Two Works of African-American Art Arrive at the White House
Find out which artists the Obamas chose for the nation's most prestigious art collection.
President Barack Obama and his wife, Michelle, recently added some color to the White House art collection, and African-American art collectors were thrilled. While there are only a few black artists numbered among the Obamas' selections, they did choose works by relative unknowns from the Hirshhorn Museum and Sculpture Garden: Glenn Ligon, a conceptual artist, and abstract expressionist painter Alma Thomas, who had the first solo show by a black woman, at the Whitney Museum of American Art, in 1971.
Previously there were only five African-American-derived pieces among the 450 works of art in the White House. Those works were portraits by Simmie Knoxof President Bill Clinton and now Secretary of State Hillary Clinton, The Builders by Jacob Lawrence, Sand Dunes at Sunset, Atlantic City by Henry Ossawa Tanner and The Farm Landing, a landscape by Rhode Island artist Edward Bannister.
The Obamas' choices will not trigger a rush for black art. But it should increase the value of the works and artists on display, and inspire collectors to explore African-American-made art.
"The world can now look at the White House collection," says New York gallery owner June Kelly, "and note that art by African-American artists is getting attention and fetching good prices, both in private sales and at auction. It bodes well."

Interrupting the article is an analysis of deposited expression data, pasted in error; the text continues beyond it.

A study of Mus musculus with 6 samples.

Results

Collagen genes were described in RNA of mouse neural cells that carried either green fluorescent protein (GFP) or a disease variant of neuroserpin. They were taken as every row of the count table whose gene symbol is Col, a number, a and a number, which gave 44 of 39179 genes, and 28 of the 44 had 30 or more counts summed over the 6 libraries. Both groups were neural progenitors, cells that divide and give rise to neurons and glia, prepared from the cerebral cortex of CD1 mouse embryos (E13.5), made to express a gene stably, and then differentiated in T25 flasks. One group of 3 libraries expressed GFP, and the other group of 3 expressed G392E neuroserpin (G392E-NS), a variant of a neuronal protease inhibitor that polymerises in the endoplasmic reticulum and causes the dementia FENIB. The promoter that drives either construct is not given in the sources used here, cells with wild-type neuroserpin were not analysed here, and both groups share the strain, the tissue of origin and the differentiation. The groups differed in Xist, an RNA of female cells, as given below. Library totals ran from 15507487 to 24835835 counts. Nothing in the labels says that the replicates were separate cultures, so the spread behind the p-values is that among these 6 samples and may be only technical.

Kelly knows black art. Before opening her gallery in 1988, she managed the career of Romare Bearden for 13 years. She has also supported sculptor and printmaker Elizabeth Catlett and abstract painter James Little, and guided numerous African-American art collectors.
New York gallery owner Michael Rosenfeld is even more upbeat. A veteran promoter of black artists, he believes that the recession increases collectors' selectivity. "It's all about quality now," he says. "There are many great African-American artists, and more works are becoming available. Young collectors who once were only interested in young artists are getting excited about the historically important artists. Prices are higher than they have ever been. For instance, last year, Norman Lewis' works on paper sold from $8,000 to $35,000, and his paintings up to $450,000."